The obvious answer, of course, is yes.
My subconscious however does not seem to realise that.
Opening up, sharing weakness, it makes me feel like I’m indulging in a victim complex.
So does relying on others and admitting that I long for it.
How does overcome reluctance to let down walls, and what’s wrong with being a victim anyway?
“The victim stance is powerful.
Always morally right,
forever entitled to sympathy.”
Surviving something traumatic does not necessarily turn you into a victim.
There’s victims and survivors.
I have a deep, visceral fear of being seen clinging to my trauma as an explanation for my behaviour.
It makes me feel helpless and out of control, allowing my past to have power over me.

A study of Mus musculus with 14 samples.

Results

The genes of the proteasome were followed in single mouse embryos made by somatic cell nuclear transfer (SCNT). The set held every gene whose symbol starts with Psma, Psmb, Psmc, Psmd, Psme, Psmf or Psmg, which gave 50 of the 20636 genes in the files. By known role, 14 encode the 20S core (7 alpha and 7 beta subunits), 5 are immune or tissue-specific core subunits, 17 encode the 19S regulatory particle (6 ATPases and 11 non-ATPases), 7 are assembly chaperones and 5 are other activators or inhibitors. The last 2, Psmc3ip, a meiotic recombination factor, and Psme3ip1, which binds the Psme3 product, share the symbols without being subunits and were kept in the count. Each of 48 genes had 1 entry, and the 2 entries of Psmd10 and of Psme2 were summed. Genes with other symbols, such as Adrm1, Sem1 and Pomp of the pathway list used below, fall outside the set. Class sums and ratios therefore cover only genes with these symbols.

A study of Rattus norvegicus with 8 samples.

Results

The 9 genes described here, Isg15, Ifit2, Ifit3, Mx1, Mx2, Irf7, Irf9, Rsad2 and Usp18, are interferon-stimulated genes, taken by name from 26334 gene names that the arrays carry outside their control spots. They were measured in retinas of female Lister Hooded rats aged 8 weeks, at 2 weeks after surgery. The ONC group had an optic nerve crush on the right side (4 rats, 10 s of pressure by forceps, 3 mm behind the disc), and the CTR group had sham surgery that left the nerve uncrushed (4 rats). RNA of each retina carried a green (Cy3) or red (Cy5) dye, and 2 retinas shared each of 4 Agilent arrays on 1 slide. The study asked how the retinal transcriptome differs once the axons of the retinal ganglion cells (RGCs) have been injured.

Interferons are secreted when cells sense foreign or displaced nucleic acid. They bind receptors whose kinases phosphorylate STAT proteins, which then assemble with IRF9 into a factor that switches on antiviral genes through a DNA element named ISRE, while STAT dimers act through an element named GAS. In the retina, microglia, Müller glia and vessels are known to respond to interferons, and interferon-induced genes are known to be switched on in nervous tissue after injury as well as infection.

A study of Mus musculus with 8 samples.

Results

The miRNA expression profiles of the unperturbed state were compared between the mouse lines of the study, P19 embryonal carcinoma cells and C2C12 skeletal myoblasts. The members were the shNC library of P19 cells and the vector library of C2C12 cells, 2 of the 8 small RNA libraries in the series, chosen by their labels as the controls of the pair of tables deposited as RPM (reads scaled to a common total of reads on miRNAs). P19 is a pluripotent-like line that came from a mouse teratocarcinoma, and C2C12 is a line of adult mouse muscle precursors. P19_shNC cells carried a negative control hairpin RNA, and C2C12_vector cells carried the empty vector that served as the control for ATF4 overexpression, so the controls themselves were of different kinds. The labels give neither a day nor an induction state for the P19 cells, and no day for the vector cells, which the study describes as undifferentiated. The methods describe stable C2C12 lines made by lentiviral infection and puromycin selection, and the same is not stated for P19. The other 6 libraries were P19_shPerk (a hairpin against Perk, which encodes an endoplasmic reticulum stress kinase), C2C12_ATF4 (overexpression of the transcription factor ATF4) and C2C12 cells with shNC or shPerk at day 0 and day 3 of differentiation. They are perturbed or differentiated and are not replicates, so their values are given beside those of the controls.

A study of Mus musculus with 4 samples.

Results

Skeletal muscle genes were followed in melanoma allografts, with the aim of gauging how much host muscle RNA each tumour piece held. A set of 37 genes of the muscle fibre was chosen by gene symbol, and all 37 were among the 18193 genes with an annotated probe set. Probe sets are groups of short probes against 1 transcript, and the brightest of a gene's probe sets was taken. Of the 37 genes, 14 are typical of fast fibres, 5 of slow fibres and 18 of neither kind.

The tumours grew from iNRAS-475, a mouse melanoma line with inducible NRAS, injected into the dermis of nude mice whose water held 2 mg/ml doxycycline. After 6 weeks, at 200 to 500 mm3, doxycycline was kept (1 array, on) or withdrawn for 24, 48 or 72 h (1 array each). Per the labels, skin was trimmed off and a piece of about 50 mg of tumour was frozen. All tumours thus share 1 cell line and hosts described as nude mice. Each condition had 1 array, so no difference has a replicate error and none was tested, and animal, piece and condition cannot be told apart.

But those who accept agency for their current lives, those who understand that their trauma doesn’t define them, they can outgrow their pain. Right?
Vulnerability not addressed turns into weakness.
Maybe this is all a remnant of feeling like I need to be a perfect little girl.
The darker parts of my personality, the jealousy, the resentments, they do not fit this image.
By trying to be perfect, I’m being anything but.
It’s by acknowledging that there are areas to work on that they do not take over.
Maybe it’s this very hesitation to appear imperfect that is the tallest wall I’ve build so far.
“Vulnerability is not winning or losing;
it’s having the courage to show up and be seen
when we have no control over the outcome.
Vulnerability is not weakness;
it’s our greatest measure of courage.”
– Brene Brown
The real question is this:
What is it within us (okay, me) that equates intimacy with weakness?
Why do I bring in a power dynamic in space that should treat everyone equal?
Whatever it is, I know that healing takes time.
It won’t be self-knowledge or willpower that will do it, but an utter acceptance of all my parts.
Truth is, everyone is at times a victim in their life, but if we’re still here, we’re all survivors.